The upcoming Test series between India and England starting November 9 in Rajkot+ has gathered further interest owing to a few factors over the past ten-odd days. But beyond the anticipation of whether India’s spinners can weave further webs around an England team that was embarrassingly bowled out inside one session of a Test in Bangladesh, and if Virat Kohli can lead this team past the longest unbeaten streak at home (20 Tests) and how the BCCI will continue to cope with the constantly pressure from the Justice Lodha Panel for its many deficiencies, there is the pertinent issue of the Decision Review System ( DRS+ ).
Why? Because this will be the first time since 2013 that an Indian cricket team will play with the DRS, and only the second Test series since the technology was trailed in 2008 that India will use the full system (in England in 2011, DRS was used but lbws were not part of it). Anyone who has followed international cricket closely for the past eight years will now acutely well that the game has been played in two halves: with the DRS used across all series expect bilateral involving India.
Having been in Sri Lanka during this series, I was witness first-hand to both India’s misuse of the DRS as well as the technology’s rawness and some contentious decisions. It wasn’t pretty, but India’s strong resistance was not entirely accurate.
The DRS has not been used in India since the 2011 World Cup, which India won. During it, the skipper MS Dhoni’s views, as well as that of the seniors, did not change even though Sachin Tendulkar was the beneficiary during his plucky 85 against Pakistan in the semi-final.
The upcoming India v England Test series will not, at least for the time being, implement HotSpot, the heat-based technology used to detect edges, or Real-time Snicko or Ultra Edge, which are both sound and video-centric technologies. The BCCI was keen to use HotSpot but since logistical matters did not allow this, we will see the DRS in its aforementioned form.
So what’s changed? And why is the BCCI now warming to the ICC’s intentions to make the DRS a standard for all teams across all series?
One, the long-running trial of the accuracy of DRS’s various technologies, undertaken by scientists at the prestigious Massachusetts Institute of Technology and subsequent successful results, appears to have eased the BCCI’s concerns.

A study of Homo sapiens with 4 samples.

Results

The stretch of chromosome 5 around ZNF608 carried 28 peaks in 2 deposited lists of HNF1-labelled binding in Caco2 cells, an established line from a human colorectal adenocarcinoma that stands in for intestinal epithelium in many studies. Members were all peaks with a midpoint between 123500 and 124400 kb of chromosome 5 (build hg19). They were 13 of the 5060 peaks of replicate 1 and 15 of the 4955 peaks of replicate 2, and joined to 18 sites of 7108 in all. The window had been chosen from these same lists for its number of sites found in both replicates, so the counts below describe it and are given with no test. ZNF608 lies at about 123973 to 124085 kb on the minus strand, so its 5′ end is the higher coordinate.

Two, Anil Kumble’s+ influence. Accordingly, to the ICC’s general manager of cricket affairs Geoff Allardice, India’s coach was a driving force in convincing the BCCI to use the DRS in the England series. Allardice stressed on Kumble’s presence as chairman of the ICC Cricket Committee which looked at cricket’s rules and regulations across a three-odd year period, during which the game’s governing body focused on getting positive results in terms of testing technologies. Kumble has been a backer of the DRS, according to Allardice, and that helped get the BCCI on board with the ICC’s goal to make the technology consistent across series.Three, Kohli. India’s Test captain has made statements since assuming the leadership from MS Dhoni in early 2015 that he is open to using the DRS. One of his most recent comments on it, spoken during the India v New Zealand Tests last month, was perhaps the most direct Kohli has been on the matter.
“We wouldn’t take [incorrect] decisions too hard because we, in the first place, decided we would not use DRS. For us to then say that the umpires made an error and it is going against us, it is not logical. There is no room for excuses. Once DRS is in place, once DRS is up and running for us as well, then you can sit and think what are the grey areas,” he had saidThis is in stark comparison to Dhoni’s public opposition to the DRS, who like several senior players of the past did not find the ball-tracking system reliable. There remains scepticism within the BCCI, but that India have agreed to trial the DRS across five Tests is a big step forward.
So is the BCCI convinced that the DRS has significantly improved since it first opposed it? Not entirely, but the hope is that the next two months will change that. For cricket’s sake.